Definition of beside in English:



  • 1At the side of; next to.

    ‘he sat beside me in the front seat’
    ‘on the table beside the bed’
    • ‘Young boys sat beside the masters, learning by watching and then experimenting on a small scale.’
    • ‘The alarm goes off steadily on the bedside table beside the bed, two short double-beeps and a long.’
    • ‘I was sitting in a low chair with my laptop on a coffee table beside me.’
    • ‘In the evening he stood beside me as I sat at my dressing table removing my make-up.’
    • ‘Her husband, who was sitting beside her, sustained a whiplash injury and an injury to his shoulder.’
    • ‘Aiden was kind enough to ask me to sit beside him at the table that he had all to himself.’
    • ‘She sat down beside me at the table, silent for a long moment before asking a question.’
    • ‘She walked back to the trunk and took the photo out and placed it on the small table beside the bed.’
    • ‘There was a small table with a bowl beside his bed and a person sat on a chair overlooking him.’
    • ‘He wasn't surprised when the hunter arrived at the house later and sat beside him at the long table.’
    • ‘He was content to sit there beside her, head on her shoulder, watching her write up her research notes.’
    • ‘They managed to locate the man near the phone box and noticed that he had a petrol can sitting beside him.’
    • ‘Access is either through the side alleyway beside the pub or from the car park at the rear.’
    • ‘They sat at one of the better tables up beside the parapet overlooking the courtyard.’
    • ‘I had my lunch sitting beside the war memorial cross in an almost grotto-like setting.’
    • ‘He placed it on the table beside the love seat she had chosen, and sat down next to her.’
    • ‘A few clothes lie folded on a chair, make-up spread on a table beside her computer.’
    • ‘She pulled a tissue out of the box on the table beside the bed and wiped her own cheeks with it.’
    • ‘Sitting at a window table beside the raised ring road we were hardly aware how much traffic was about.’
    • ‘When I found it in my pocket that night, I put it on the table beside my bed.’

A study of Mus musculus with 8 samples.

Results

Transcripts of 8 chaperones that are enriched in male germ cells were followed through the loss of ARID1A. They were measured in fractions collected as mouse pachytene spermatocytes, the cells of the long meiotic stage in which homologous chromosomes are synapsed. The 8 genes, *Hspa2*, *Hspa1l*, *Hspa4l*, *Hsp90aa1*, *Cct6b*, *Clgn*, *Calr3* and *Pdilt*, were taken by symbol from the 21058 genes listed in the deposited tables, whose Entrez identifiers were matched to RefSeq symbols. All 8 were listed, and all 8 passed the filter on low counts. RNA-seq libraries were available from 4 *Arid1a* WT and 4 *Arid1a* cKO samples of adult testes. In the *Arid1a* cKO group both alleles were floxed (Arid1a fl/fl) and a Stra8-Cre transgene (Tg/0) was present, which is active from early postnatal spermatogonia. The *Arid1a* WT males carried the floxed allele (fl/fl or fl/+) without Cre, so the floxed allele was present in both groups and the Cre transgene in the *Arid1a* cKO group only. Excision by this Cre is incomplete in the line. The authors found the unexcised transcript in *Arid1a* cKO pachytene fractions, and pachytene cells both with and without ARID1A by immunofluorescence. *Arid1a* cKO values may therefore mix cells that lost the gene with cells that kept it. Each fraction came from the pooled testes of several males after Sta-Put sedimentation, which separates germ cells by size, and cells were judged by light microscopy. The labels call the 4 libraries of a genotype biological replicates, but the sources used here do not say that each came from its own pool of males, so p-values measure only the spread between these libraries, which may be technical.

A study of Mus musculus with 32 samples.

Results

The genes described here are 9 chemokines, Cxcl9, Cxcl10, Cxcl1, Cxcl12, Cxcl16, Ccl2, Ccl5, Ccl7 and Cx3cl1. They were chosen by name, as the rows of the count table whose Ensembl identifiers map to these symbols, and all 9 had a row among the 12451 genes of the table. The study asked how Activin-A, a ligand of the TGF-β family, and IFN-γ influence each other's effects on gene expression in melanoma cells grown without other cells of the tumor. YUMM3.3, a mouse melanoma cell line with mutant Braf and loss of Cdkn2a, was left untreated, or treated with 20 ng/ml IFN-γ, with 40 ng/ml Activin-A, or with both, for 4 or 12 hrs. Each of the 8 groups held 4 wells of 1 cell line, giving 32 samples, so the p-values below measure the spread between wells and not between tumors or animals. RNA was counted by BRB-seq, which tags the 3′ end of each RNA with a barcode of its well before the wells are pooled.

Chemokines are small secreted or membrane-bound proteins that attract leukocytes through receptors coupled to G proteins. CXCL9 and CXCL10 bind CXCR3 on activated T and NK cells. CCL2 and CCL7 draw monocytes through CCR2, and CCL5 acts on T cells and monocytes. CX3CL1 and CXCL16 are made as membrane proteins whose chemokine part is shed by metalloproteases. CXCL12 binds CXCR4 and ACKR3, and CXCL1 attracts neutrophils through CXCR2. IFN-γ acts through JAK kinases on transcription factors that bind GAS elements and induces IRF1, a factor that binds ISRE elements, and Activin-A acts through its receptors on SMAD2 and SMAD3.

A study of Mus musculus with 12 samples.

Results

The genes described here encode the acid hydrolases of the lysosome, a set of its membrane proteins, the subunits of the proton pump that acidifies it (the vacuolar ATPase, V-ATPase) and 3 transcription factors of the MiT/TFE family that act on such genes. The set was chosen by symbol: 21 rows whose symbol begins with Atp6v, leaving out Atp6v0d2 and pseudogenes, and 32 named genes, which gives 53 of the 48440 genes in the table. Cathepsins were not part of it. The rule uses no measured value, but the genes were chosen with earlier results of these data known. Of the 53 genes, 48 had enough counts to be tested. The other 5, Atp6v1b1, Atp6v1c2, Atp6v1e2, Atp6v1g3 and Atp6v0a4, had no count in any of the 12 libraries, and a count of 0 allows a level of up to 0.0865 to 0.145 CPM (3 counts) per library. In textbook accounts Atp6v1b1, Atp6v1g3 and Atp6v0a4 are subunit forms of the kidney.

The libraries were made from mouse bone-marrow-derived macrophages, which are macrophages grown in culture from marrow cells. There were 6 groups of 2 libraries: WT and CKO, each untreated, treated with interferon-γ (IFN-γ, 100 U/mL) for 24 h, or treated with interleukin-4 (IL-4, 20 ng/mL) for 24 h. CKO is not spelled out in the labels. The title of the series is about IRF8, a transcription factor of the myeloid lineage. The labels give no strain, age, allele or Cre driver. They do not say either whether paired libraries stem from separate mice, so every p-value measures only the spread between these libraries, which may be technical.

alongside, by the side of, at the side of, next to, parallel to, abreast of, at someone's elbow, with, by
      ‘beside Beth's idealism, my priorities looked shabby’
      • ‘They might just feel stupid beside those who are much better than themselves.’
      • ‘Just about everyone knows what it’s like to be unsure about his or her future, and to feel inadequate beside someone else.’
      • ‘But I feel ugly beside Willow and wonder how she can bring herself to look at me, never mind kiss me.’
      • ‘She is so clever and intelligent, I look at her and think "Wow, I feel stupid beside her".’
      • ‘Don't feel ugly beside them, you're beautiful in a classy way.’
      • ‘I feel inadequate beside such a combination of beauty and formal writing education.’
      compared with, in comparison with, next to, against, contrasted with, in contrast to, in contrast with

    ‘he commissioned work from other artists beside Rivera’
    • ‘“If there are others beside me who are going through the same physical symptoms, the medical community has an obligation to help us.”’
    • ‘My 1 year old son has no contact with other children beside his sister!’
    • ‘They separated these poor girls, and others beside them, in several villages, and drove them out of the church.’
    • ‘Generally speaking all persons who are capable of making wills may be executors, and some others beside, as infants and married women.’
    • ‘You only give respect to people who respect others beside themselves.’
    • ‘There are other animals beside dairy cows that are used for by-products while they are still alive.’
    • ‘I gathered these two and headed over to the customer service counter to ask if there were any others beside the ones on the shelf.’
    • ‘Are there other writers beside you who have done this?’
    • ‘There are two other artists beside myself that I would like to incorporate into the fabric of my discussion.’
    • ‘She has four coordinators for the Web site, four other writers beside herself, several photographers and substantial technical assistance.’
    • ‘Our community has Japanese, Vietnamese, Russian, Chinese and several others beside Mexicans.’
    • ‘Extra charges like snorkeling, canoeing and others beside the package rate are at the expense of the individual’
    • ‘Students with a complaint often want to point to failings in the university's conduct of its affairs that affect other students beside themselves.’
    • ‘Also I would like to find out if Willam had other children beside George in 1809.’
    • ‘Some children acquire at home the habit of attention to the well-being of others beside themselves.’


It is sometimes said that beside should not be used to mean ‘apart from’ and that besides should be used instead (he commissioned work from other artists besides Minton rather than he commissioned work from other artists beside Minton). Although there is little logical basis for such a view, and in standard English both beside and besides are used for this sense, it is worth being aware of the potential ambiguity in the use of beside: beside the cold meat, there are platters of trout and salmon means either ‘the cold meat is next to the trout and salmon’ or ‘apart from the cold meat, there are also trout and salmon.’ Beside is always the word to use in the phrases beside the point and beside oneself


Old English be sīdan (adverb) by the side (see by, side).